Takagi honyaki chefs knife?
Takagi honyaki chefs knife?
So what do you guys like about a flat profile and how do you use your knife primarily?
The Kramer Zwilling has a nice thin and flat edge, before the sweep up to the tip. It is the most versatile knife, that I've used. The back end is a similar to a nakiri. The bull tip nose has been surprisingly useful in slicing onions and tomatoes.
A relatively flat edge is better suited to a nakiri or cleaver. A flat edge with no curve, can be a jarring experience. On a gyuto a flat edge, puts the hand in awkward position. Kramer compensates with a large heel and a angled handle.
Most gyutos with the heel up, the mid section of the knife is flat against the board. The angle of edge, going to the tip, plays a role in how comfortable or natural a gyuto feels in hand.
Back when the ITK gyutos were being designed, Devin posted, that the profile was going to be based on the Suisin/Tadatsuna gyutos. I recently picked up a Tadatsuna 300mm gyuto. A few years ago Tadatsuna was the it knife on the forums and then nose dived its way out of fashion. I've been curious about the knife, so when one came up at a great price, it was time. The biggest surprise about the Tad, has been how natural it feels in hand, especially for such a big ass knife. Mr. Chance has mentioned how his ITK feels very natural in hand.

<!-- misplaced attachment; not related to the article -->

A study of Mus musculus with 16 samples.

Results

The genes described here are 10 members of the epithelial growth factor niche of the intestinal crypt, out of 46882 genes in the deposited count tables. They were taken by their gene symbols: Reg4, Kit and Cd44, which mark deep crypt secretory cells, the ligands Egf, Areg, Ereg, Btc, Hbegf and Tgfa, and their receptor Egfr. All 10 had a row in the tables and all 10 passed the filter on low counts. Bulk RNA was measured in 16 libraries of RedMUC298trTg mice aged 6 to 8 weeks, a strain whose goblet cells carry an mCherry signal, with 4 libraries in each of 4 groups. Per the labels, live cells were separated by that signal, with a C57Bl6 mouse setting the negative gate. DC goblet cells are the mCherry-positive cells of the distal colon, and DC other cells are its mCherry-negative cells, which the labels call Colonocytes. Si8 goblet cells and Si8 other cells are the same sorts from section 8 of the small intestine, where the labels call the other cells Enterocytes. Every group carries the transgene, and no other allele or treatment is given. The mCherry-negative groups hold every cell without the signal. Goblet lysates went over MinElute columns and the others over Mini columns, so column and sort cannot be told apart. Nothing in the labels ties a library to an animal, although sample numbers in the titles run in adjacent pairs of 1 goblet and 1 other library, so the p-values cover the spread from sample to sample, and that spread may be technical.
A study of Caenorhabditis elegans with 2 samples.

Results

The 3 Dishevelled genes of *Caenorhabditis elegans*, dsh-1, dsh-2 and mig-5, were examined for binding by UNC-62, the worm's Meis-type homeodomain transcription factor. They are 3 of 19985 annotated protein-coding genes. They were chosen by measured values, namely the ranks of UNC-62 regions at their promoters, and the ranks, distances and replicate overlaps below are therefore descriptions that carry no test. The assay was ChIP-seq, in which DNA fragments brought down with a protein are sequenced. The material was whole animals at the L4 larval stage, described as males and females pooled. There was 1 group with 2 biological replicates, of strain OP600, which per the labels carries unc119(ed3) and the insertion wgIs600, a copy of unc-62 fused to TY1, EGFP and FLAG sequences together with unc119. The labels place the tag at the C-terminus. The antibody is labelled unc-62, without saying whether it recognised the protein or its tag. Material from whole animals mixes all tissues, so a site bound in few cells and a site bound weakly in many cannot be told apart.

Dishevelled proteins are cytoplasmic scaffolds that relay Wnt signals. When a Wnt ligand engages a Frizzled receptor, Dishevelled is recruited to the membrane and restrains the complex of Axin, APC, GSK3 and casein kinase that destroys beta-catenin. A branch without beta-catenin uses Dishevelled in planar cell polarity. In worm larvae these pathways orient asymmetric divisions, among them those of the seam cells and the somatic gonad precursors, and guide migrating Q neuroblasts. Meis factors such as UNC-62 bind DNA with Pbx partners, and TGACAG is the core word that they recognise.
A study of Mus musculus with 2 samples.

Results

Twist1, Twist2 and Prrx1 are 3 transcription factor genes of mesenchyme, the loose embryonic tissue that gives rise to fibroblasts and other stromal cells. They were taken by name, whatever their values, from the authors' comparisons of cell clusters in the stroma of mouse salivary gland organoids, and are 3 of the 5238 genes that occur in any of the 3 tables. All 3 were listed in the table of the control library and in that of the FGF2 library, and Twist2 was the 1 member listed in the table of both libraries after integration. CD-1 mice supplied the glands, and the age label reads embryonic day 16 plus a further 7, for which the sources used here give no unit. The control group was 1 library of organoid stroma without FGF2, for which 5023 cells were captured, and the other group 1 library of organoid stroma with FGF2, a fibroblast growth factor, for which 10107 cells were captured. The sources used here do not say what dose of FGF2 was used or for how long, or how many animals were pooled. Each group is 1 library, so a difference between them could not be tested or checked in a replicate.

A nice flat area at the heel is good, but an entire flat area really downgrades the knifes versatility.
I have been testing a Fowler 240mm gyuto that is nearly entirely flat. Although I like the knife, every time I do any tip work, I realize I have to keep the entire blade flat on the board; if you raise the blade, you will make almost zero contact at the tip... useless. Might as well be a giant cleaver.
A possible, lesser known contender? White steel, Looks pretty flat to me. 42mm at spine, like a gyuto-suji hybrid. Finish is "rustic" apparently. Azuma Minamoto at Aframestokyo.
If I'm cutting with a gyuto, I tend to use the back half of the knife almost exclusively. It's is why I prefer flatter profiles, nakiri and chuka. Having a "typical" gyuto curvature to the tip does make tip work nicer though, I have to say.